Fil Bo Riva’s recently released album ‘Beautiful Sadness’ is a gorgeous journey through love and life. Marx Music had the opportunity to ask the Italian born Filippo Bonamici about the album and how it came to be.
MARX: The album, Beautiful Sadness is a collection of deeply emotive pieces. What was the catalyst for writing this album?
FIL BO RIVA: I always had the dream of having my own album, a collection of songs that put together would form something great, something that I could relate to 100%.
MARX: How long have you been writing this album?
FIL BO RIVA: We started working on the album on January 2017
MARX: Moving through the album it comes across like a journey through the highs and lows of love and life before reaching its peak of acceptance in the form of outro song Beautiful.
Comparatively, the album’s intro song Sadness is much slower than the album’s book-end Beautiful which is purely an instrumental piece. Is this song emblematic of reflection; a chance to absorb the album and reflect on the journey the songs have taken listeners on?
If not for the sake of reflection, why did you choose to end the album on an instrumental piece?
FIL BO RIVA: The Outro was written by Felix and recorded at his home. He showed me the track and I immediately found that it had something magical and that it would fit perfectly as the album outro. It surely is a piece of music that one should listen to after the whole album trip, to reflect and slowly soak in everything.
MARX: What is this album about in your own words?
FIL BO RIVA: The album is about love.
MARX: You’ve lived in so many different places; from Rome to Dublin to Berlin, each of which traditionally have different musical stylings to one another. How has your time moving and travelling shaped your own music?
FIL BO RIVA: Living in these different countries shaped my musical know-how in so many ways. All those different cultures really gave me everything. I’m pretty sure my music would sound extremely different if I wouldn’t have had these experiences.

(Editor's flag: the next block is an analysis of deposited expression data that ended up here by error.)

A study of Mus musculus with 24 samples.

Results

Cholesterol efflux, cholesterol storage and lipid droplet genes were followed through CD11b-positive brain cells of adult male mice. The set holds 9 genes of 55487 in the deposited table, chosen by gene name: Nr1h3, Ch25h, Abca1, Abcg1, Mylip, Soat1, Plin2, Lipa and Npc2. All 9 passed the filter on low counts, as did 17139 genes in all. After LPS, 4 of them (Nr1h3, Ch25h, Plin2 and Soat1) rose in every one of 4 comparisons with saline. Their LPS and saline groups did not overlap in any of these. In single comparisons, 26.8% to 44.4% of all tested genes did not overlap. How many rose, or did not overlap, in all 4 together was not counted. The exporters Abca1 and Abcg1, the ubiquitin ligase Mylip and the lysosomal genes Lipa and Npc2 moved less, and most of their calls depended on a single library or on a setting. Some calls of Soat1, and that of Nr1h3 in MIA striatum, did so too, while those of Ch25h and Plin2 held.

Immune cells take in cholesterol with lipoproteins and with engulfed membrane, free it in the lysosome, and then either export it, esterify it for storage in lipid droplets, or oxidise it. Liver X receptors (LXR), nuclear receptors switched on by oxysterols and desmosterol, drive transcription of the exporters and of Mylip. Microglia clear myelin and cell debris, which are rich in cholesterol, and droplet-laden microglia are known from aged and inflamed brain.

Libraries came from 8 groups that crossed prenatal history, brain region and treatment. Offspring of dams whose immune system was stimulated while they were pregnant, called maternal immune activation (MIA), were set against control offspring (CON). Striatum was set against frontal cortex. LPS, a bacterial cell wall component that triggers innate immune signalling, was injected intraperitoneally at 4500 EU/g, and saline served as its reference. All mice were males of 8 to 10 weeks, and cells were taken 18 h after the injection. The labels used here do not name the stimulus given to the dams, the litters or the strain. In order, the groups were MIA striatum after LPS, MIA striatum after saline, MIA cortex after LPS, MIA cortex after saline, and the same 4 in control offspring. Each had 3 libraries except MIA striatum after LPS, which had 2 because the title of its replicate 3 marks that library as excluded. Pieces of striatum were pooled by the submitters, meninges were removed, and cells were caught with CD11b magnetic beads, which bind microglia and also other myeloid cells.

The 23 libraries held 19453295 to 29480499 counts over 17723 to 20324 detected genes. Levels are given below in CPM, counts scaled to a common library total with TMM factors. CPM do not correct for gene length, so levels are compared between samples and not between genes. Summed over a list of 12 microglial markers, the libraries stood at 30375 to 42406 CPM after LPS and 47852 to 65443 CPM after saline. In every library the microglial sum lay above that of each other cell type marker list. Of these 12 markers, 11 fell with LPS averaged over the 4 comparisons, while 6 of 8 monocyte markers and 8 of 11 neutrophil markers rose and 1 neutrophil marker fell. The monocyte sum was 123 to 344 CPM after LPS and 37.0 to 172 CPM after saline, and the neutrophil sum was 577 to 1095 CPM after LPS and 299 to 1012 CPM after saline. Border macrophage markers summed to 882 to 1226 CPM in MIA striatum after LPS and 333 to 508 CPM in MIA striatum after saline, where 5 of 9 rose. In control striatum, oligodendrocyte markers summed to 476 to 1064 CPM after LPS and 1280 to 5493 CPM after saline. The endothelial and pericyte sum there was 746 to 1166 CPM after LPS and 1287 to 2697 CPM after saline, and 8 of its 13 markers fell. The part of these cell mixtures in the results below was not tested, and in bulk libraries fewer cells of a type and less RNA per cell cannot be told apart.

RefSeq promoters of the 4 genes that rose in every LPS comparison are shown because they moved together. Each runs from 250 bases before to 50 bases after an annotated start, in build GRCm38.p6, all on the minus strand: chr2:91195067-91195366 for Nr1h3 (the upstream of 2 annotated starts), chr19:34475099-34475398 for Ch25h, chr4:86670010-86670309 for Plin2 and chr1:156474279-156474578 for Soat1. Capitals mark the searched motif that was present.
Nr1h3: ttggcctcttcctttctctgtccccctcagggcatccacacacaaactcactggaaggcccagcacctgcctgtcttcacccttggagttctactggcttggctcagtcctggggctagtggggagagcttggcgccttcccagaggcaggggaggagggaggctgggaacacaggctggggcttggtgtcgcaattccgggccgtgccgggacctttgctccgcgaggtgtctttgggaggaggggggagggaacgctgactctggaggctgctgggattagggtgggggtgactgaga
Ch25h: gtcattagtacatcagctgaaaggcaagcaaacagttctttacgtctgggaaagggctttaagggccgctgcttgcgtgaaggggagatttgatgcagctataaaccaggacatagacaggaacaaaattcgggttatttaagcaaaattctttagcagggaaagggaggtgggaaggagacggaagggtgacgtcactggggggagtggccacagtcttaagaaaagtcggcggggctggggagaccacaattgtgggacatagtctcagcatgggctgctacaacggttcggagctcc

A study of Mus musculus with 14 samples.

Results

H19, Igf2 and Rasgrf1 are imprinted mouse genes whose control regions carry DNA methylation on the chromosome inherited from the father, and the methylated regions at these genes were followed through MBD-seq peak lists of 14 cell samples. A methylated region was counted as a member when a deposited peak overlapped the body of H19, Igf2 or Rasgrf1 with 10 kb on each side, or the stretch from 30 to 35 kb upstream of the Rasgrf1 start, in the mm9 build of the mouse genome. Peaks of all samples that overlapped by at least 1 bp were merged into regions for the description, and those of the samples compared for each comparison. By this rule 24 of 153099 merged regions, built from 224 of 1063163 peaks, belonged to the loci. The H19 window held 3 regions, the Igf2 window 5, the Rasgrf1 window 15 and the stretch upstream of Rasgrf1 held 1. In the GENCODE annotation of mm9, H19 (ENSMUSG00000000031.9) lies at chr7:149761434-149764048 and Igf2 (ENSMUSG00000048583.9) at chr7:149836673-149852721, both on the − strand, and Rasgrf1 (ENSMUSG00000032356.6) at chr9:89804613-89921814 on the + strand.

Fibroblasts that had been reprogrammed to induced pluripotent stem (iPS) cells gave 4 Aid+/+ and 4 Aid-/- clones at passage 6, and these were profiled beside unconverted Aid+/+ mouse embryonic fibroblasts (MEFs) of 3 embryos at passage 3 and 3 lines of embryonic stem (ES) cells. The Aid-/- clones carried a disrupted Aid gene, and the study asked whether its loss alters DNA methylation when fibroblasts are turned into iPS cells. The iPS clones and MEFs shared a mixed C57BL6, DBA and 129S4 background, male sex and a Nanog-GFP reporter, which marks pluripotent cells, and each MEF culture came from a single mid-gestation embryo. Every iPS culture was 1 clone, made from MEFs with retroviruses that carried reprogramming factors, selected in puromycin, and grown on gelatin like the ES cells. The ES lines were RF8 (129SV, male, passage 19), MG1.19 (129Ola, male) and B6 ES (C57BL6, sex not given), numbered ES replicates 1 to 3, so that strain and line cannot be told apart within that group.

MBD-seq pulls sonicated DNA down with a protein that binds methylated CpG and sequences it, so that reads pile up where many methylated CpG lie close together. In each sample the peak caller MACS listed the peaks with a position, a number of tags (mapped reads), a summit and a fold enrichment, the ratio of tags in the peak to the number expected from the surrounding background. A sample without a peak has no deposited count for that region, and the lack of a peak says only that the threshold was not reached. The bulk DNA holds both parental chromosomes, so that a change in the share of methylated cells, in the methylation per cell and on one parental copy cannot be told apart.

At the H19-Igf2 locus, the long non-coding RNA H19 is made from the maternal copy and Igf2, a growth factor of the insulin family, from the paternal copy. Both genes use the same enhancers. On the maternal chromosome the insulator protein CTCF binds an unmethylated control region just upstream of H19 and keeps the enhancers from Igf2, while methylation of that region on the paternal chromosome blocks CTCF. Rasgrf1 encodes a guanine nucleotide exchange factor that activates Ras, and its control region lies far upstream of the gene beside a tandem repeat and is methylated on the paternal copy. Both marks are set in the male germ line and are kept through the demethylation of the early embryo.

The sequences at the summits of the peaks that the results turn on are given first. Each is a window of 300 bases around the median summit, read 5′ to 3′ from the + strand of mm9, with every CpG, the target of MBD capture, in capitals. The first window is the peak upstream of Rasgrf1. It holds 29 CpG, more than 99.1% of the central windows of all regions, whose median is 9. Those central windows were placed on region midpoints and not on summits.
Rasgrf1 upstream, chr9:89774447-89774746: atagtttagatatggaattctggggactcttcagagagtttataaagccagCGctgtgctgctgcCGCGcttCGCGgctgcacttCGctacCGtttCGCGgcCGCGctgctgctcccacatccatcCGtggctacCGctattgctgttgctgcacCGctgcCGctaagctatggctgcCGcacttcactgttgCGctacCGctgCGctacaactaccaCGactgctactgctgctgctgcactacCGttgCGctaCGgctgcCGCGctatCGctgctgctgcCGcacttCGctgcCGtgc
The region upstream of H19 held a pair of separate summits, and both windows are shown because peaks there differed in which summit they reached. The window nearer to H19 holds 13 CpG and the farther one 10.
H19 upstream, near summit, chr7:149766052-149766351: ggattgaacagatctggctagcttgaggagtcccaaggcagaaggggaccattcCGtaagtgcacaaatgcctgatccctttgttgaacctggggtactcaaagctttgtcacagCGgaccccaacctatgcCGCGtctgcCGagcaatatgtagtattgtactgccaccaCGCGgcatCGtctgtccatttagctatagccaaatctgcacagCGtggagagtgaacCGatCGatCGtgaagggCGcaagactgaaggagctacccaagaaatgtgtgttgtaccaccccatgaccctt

MARX: Your music encompasses so many different styles and does not limit itself to a set genre. There are hints of the 60s, touches of the 70s as well as modern sounds all wrapped into one. What era do you relate to most and why? Is there are an artist from each that you look up to creatively?
FIL BO RIVA: That’s a tough question but I usually answer with: the 1960s and The Beatles.
MARX: L’impossible has Italian phrases intertwined throughout the song. The Italians speak in a very romantic way, would the meaning be lost if translated back to English? Did you set out to write a song in Italian or did L’impossible come to life organically?
FIL BO RIVA: I don’t think the meaning would be lost if translated in English, the song simply came to me while on holiday in Italy. The melody and the words somehow popped up in my mind and as I usually do; I recorded it and wrote everything down. It was surely inspired by Italy and the place where I was.
MARX: Which song do you hold most dear from the album?
FIL BO RIVA: At the moment it’s actually L’impossibile. The story behind it and the different sound scapes it brings, somehow combines all the songs we have on the album.
MARX: Your debut EP saw huge success, resulting in several sold-out tours and supporting numerous major artists such as Matt Corby and Milky Chance. How are you feeling about the upcoming European tour now promoting your own album?
FIL BO RIVA: It’s an incredible feeling – we’ve been waiting for this for a long, long time and now it’s finally here. So, we actually couldn’t be happier and more looking forward to it all.
MARX: Are there plans to take the tour across the seas and perform internationally?
FIL BO RIVA: We don’t really see any barriers for our music, in the end it’s up to the people who want to listen to it… hopefully it’s all gonna grow, so we would be more than happy to travel all the world and play our songs to everybody.
MARX: What are you hoping to do next once the tour wraps up?
FIL BO RIVA: No plans really, but probably work on music. Always.
Check out Fil Bo Riva’s song Go Rilla below.